Friday, December 15, 2006

Implementation of Foreign Keys for the PBXT storage engine

I have just committed the initial implementation of foreign keys for the PrimeBase XT storage engine, whew! The implementation is similar to that of InnoDB and supports the RESTRICT, CASCADE and SET NULL options.

Currently the PBXT implementation requires that the data types of the referenced columns are identical. InnoDB allows references between CHAR and VARCHAR and strings of different length. PBXT also requires that the index used by foreign keys have the exact number of components. InnoDB can use indexes that have more components than the number of columns specified in the foreign key declaration.

On the other hand, PBXT supports all SQL syntax that can be used to create foreign keys. This includes the following syntax which is not supported by InnoDB:

fk int REFERENCES t1(id)
) ENGINE=pbxt;

Maybe you are wondering why one engine supports a certain syntax, and another does not. Well, this was one thing that surprised me as well: MySQL parses but ignores the foreign key definitions. In fact, when you execute SHOW CREATE TABLE, MySQL calls the storage engine for the text of the foreign key definitions. So one of the biggest jobs has been to parse the SQL statements and extract the foreign key information.

Unfortunately, its not just done with CREATE TABLE. The engine also has to support ALTER TABLE, and all other statements that modify a table (e.g. CREATE/DROP INDEX) have to be parsed to determine which table is being altered. The reason for this is, when MySQL alters a table it creates a new table and copies the data from the old to the new table. So when the new table is created the engine has to identify the source table and copy over the foreign key definitions or they will be lost!

One thing to watch out for when parsing the SQL statements is that column and table names have to be converted to UTF-8. The conversion depends on the charset of the text which in turn depends on the current charset of the database connection. Table names have to be further converted into file names which use a special encoding schema to avoid non-US ASCII characters. All this requires calling certain character conversion routines in MySQL.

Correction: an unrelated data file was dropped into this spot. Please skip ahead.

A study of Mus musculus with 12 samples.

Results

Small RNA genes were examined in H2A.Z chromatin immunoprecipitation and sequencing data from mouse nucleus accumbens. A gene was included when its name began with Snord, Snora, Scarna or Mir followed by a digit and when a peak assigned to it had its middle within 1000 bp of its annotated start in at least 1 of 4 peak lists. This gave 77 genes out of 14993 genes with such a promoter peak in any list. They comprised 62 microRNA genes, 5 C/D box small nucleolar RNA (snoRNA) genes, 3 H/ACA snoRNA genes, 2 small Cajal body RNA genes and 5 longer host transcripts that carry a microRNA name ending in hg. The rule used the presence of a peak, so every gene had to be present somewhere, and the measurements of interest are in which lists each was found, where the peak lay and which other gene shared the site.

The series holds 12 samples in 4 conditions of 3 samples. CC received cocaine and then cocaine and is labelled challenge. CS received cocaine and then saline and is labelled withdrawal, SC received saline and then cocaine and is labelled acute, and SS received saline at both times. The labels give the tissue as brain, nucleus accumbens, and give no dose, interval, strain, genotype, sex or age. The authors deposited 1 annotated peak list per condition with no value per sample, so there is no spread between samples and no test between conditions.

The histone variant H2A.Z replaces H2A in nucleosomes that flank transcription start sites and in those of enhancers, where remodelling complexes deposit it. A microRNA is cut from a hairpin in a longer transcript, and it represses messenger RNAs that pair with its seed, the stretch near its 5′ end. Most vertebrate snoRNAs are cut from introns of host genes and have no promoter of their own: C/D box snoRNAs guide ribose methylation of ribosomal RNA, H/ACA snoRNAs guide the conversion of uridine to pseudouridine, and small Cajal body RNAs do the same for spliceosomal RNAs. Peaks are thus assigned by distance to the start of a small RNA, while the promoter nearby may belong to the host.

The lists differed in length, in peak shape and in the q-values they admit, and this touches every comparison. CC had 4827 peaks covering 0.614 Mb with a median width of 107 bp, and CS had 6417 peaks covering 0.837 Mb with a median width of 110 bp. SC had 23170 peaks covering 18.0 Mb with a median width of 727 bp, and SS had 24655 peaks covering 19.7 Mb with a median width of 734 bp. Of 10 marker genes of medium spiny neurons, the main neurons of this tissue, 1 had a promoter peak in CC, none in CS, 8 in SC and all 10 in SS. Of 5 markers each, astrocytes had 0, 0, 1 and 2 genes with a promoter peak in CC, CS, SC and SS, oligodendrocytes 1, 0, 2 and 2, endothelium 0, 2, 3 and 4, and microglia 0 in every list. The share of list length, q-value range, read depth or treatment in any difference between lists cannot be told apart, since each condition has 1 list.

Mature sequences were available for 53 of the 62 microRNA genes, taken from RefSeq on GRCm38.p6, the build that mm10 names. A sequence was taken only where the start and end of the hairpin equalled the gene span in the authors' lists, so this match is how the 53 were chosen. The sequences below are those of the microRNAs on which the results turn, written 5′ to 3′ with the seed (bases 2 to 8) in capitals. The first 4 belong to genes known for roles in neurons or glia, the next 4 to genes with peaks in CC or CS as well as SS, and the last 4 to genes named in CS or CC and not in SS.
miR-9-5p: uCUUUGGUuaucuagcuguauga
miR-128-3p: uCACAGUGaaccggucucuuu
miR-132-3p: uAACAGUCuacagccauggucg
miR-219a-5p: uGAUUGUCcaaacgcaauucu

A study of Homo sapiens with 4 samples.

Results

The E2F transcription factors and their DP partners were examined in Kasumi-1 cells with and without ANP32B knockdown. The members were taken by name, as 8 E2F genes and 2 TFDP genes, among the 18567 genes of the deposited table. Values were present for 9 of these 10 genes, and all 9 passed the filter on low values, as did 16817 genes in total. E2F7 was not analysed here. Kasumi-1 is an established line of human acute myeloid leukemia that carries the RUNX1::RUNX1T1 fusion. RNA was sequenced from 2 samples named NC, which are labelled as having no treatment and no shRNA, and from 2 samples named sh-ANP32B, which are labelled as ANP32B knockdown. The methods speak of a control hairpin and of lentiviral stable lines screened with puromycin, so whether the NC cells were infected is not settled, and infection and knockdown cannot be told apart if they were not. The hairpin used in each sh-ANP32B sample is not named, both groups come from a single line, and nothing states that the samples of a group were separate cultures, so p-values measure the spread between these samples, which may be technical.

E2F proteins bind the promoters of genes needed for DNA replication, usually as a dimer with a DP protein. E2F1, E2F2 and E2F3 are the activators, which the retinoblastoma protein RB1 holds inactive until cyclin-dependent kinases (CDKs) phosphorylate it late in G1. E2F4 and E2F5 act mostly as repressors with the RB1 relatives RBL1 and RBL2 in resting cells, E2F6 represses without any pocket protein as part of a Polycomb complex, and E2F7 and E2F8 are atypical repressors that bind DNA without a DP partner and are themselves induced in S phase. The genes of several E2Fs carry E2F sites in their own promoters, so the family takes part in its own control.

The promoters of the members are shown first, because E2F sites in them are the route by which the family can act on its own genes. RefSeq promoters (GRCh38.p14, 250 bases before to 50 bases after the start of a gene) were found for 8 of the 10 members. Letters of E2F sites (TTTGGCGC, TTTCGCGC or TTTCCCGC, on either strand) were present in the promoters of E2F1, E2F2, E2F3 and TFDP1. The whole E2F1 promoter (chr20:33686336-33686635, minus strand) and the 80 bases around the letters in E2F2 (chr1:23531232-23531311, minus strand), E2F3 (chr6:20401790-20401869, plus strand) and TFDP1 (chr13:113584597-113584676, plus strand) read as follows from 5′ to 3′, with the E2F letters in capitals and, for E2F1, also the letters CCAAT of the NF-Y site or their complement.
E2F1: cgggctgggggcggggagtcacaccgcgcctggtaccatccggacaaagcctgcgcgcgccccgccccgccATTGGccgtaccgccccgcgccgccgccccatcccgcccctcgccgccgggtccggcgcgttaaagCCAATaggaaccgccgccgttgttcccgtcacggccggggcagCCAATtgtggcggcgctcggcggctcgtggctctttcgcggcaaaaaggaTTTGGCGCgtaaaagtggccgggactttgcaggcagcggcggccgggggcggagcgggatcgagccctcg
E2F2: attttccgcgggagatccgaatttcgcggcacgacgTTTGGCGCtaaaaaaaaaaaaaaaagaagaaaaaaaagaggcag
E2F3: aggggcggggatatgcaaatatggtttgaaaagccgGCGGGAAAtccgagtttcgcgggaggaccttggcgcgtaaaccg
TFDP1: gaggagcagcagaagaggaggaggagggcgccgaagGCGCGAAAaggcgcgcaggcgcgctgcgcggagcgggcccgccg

The other major problem that needed to be solve involved the MySQL st_table structure. This structure contains all the information about a table, including: column definitions, data types, character sets and index descriptions. This is actually the data from the .frm file of the table. Since the engine has access to this structure when a table is opened by MySQL, there is normally no need for the engine to store this information itself.

However, foreign keys force the engine to access tables that are not necessarily open by MySQL. For example if MySQL does an INSERT on table t2 (see definition above), then MySQL will open t2 before it performs the operation. But the engine is required by the foreign key definition to check column id on table t1. This table may not be open by MySQL (depending on the table cache). And without the st_table structure accessing the table is not possible, unless the engine stores all the information itself.

It took a little while to figure out, but my solution was to open the MySQL table myself. This means that PBXT calls routines in MySQL that load the information from the .frm file as needed.

Of course the engine will have a bit of a problem if the definition of any of the functions change. Since the engine is linked dynamically to MySQL this could occur without notice. So I think there is a general need to make these routines part of an official engine callback API.

Next on my list is CHECK and REPAIR table but before I get on to that, I will be on holiday in South Africa until the 12th of January! :)

If you would like to test PBXT foreign keys, checkout the trunk of the subversion tree directly as follows:

$ svn co pbxt

Then, assuming you have your MySQL tree in the directory /home/build/mysql-5.1.12 you can build PBXT as follows:

$ cd pbxt
$ ./configure --with-mysql=/home/build/mysql-5.1.12 --libdir=/home/build/mysql-5.1.12/mysql-test/lib/mysql
$ make install

This will install the PBXT plug-in ( in the directory required by mysql-test-run. If you built MySQL as a debug version then remember to include --with-debug=full when configuring PBXT.

Instructions about how to test PBXT with mysql-test-run are given in the README file in the mysql-test-update directory. I have modified the InnoDB test scripts that test foreign keys to work with PBXT.